The curved courtyard of this semi-detached house by Ming Architects strikes a chord
According to the Cambridge Dictionary, a “chord” is a curved line that forms part of a circle. It was therefore an appropriate word to use to name this semi-detached house by Ming Architects – after all, its most distinct feature is an outward-facing courtyard incised into its left corner along the party wall, arcing elegantly around a lone Caesalpinia tree.
This solution, according to Tan Cher Ming, Principal of Ming Architects, was a response to the site conditions: a densely packed residential neighbourhood along a public bus route, resulting in heavy vehicle and pedestrian traffic.
“We were quite conscious of all these factors from the very start, so we tried to bring privacy to all the bedrooms and living areas. That is why we came up with the idea of an open, external courtyard carved into the house,” explains Tan.
Despite its off-centre location, it is very much a focal point of the house. The living and dining rooms look into it, as does the master bedroom. Immediately behind it too is the staircase that links all two-and-a-half floors. Because of the floor-to-ceiling glass, there is a connection maintained with the courtyard while going up and down.
“We thought it would be nice to introduce something unique. We didn’t want the staircase to feel like just a transition method to get between floors. When you’re moving on the stairs, you have proximity to natural lighting and landscaping,” says Tan.
That sense of light is further enhanced through a skylight on the roof of the attic that bears the same shape of the staircase footprint. Additionally, continuity is had through the use of the same ash-grey granite along the party wall from outside to in. This was chosen as the veins are quietly light and the texture is only slightly rough, the result of having been flamed and brushed.
Staying in the courtyard, pebbles cover the ground, on which rests a customised, round terrazzo bench. The effect is Zen-like and hours can be whiled away sitting there for a chat under the shade of the six-metre-tall Caesalpinia tree that rises in the middle.
Tan shares that selecting this flora was no mean feat. In addition to ensuring it did not have invasive roots that would upend the surrounding concrete, it also had to be unattractive to termites. At the same time, it had to have the right height and breadth of branches so that the leaves – which themselves could not be too dense – would be visible from both the first and second floors.
“We were looking for a tree with a good balance, so that we could still see through the leaves to the stone behind, but not be too porous. We finally found it in Malaysia and arranged for it to be trucked in,” he reveals.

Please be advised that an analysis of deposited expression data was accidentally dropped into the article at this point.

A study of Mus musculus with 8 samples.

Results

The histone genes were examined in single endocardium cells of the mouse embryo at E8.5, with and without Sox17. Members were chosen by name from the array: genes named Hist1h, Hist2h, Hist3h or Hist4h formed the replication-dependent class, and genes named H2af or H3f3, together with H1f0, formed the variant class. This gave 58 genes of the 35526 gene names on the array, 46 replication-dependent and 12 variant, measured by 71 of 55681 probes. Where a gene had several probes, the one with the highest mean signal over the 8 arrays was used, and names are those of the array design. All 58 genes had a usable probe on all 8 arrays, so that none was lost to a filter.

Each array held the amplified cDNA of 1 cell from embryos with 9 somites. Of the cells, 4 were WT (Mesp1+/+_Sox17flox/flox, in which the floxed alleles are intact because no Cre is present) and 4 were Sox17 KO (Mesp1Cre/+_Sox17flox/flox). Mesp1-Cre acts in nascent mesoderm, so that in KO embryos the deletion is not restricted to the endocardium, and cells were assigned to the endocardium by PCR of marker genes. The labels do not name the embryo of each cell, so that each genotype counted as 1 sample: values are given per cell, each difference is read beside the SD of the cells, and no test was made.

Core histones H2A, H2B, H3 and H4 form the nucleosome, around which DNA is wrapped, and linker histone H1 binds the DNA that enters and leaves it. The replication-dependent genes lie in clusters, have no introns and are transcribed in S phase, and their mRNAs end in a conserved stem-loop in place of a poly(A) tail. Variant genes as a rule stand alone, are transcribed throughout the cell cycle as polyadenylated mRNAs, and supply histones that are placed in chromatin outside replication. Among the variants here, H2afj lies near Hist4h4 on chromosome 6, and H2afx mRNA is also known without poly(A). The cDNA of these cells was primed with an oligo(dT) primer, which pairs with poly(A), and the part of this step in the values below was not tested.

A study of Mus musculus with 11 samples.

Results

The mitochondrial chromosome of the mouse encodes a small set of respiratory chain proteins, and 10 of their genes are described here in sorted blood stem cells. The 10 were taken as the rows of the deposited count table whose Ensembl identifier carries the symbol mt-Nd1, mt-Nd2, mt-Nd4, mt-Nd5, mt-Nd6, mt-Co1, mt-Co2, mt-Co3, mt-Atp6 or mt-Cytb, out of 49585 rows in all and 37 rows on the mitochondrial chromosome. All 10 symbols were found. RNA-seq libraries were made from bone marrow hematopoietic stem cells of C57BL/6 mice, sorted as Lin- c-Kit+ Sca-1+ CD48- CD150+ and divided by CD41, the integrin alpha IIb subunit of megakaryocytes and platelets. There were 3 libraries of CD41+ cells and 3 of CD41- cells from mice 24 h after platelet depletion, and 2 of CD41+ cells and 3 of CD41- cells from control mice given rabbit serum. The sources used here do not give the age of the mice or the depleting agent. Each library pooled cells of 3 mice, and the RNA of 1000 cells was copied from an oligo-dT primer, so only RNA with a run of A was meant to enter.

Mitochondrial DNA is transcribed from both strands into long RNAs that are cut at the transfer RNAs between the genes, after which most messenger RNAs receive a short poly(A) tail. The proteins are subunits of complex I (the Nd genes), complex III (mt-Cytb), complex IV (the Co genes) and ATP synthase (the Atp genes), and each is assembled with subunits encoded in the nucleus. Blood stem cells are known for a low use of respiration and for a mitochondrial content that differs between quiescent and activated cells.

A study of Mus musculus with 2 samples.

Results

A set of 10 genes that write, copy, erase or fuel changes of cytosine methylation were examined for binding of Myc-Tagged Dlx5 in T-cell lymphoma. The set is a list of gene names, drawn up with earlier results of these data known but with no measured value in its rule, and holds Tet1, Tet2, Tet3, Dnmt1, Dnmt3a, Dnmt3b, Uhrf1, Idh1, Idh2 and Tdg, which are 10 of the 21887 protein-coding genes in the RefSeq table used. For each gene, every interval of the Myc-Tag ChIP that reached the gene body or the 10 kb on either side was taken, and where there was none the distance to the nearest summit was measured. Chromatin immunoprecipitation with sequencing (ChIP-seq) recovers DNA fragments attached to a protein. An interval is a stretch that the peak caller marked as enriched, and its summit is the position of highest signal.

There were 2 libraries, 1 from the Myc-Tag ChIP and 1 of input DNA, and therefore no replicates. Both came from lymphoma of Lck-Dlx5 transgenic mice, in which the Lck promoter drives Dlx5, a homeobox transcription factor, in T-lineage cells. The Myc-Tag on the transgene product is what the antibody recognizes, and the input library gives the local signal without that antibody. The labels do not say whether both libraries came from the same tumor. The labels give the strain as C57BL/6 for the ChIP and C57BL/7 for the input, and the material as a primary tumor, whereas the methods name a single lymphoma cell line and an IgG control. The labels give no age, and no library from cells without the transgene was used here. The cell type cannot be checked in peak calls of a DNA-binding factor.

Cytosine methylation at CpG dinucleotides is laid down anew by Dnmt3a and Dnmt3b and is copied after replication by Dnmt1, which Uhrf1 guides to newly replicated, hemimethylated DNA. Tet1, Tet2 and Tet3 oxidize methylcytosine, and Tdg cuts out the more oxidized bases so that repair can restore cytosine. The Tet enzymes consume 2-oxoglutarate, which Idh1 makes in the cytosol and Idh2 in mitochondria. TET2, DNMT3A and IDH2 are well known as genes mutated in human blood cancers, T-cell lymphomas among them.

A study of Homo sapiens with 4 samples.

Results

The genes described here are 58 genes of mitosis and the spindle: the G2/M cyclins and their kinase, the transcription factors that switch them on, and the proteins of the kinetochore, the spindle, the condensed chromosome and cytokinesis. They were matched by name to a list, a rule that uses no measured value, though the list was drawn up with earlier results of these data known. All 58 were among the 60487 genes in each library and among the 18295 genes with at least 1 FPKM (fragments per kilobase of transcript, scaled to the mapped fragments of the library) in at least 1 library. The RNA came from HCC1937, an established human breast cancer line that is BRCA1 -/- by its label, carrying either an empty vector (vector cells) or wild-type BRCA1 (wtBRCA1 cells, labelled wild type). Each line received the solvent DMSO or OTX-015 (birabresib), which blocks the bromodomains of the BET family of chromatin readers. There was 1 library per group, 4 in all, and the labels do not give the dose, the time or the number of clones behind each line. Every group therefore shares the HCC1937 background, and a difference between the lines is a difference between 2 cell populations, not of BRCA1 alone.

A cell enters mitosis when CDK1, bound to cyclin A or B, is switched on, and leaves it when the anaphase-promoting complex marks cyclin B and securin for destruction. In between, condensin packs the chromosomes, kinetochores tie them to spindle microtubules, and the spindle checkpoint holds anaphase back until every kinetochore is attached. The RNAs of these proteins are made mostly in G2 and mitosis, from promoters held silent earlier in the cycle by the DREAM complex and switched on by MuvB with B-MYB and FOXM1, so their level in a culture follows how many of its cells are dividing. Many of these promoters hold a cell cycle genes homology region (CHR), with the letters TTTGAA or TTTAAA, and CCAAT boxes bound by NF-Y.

Inside the house, a contemporary style is adopted, inspired by Tan’s time spent studying in Melbourne, Australia. It also dovetails with the client’s wish to have a hotel-like aesthetic, with no compromises whatsoever on the finishes.
The result is shadowed tones of grey, such as Hermes Grey marble on the floors and quartzite cladding the island in the dry kitchen. In the living room, a feature wall uses the same quartzite, but this time with slabs overlain on each other at random intervals, and backlit to offset the darker hues in the surroundings.
Brushed American white oak is used liberally on the doors and cabinets, including the recessed banister on the staircase. In the master suite, a set of black-stained oak sliding doors divides the bedroom from the study and walk-in wardrobe. Tan acknowledges that the materials used for Chord House were chosen for their texture, “I think there is really something special about what we used here.”
The bed in the master suite is oriented to face the courtyard, instead of the front of the house, as most tend to be. At its foot is a sofa, recliner and television. Whether it is lazing in bed, reading a book on the couch or watching the latest Netflix series, the Caesalpinia tree stands endearingly in the background.
The rest of the house is made up of rooms, including a study at the back of the first floor and two on the second floor for each of the clients’ children. Up in the attic, there is a family area, guest room, the helper’s private quarters and a small rooftop terrace.
It seems a lot to pack into the 364sqm site but Tan has managed to do it without sacrificing that sense of spaciousness. There is even a baby grand piano by the base of the staircase.
He shares, “I always get this from my clients. They say I take up too much space for things like courtyards and the staircase. But after I explain to them that these elements really improve the architectural space of the house – from the living quality, to the view, light and ventilation – they understand and later, appreciate it.”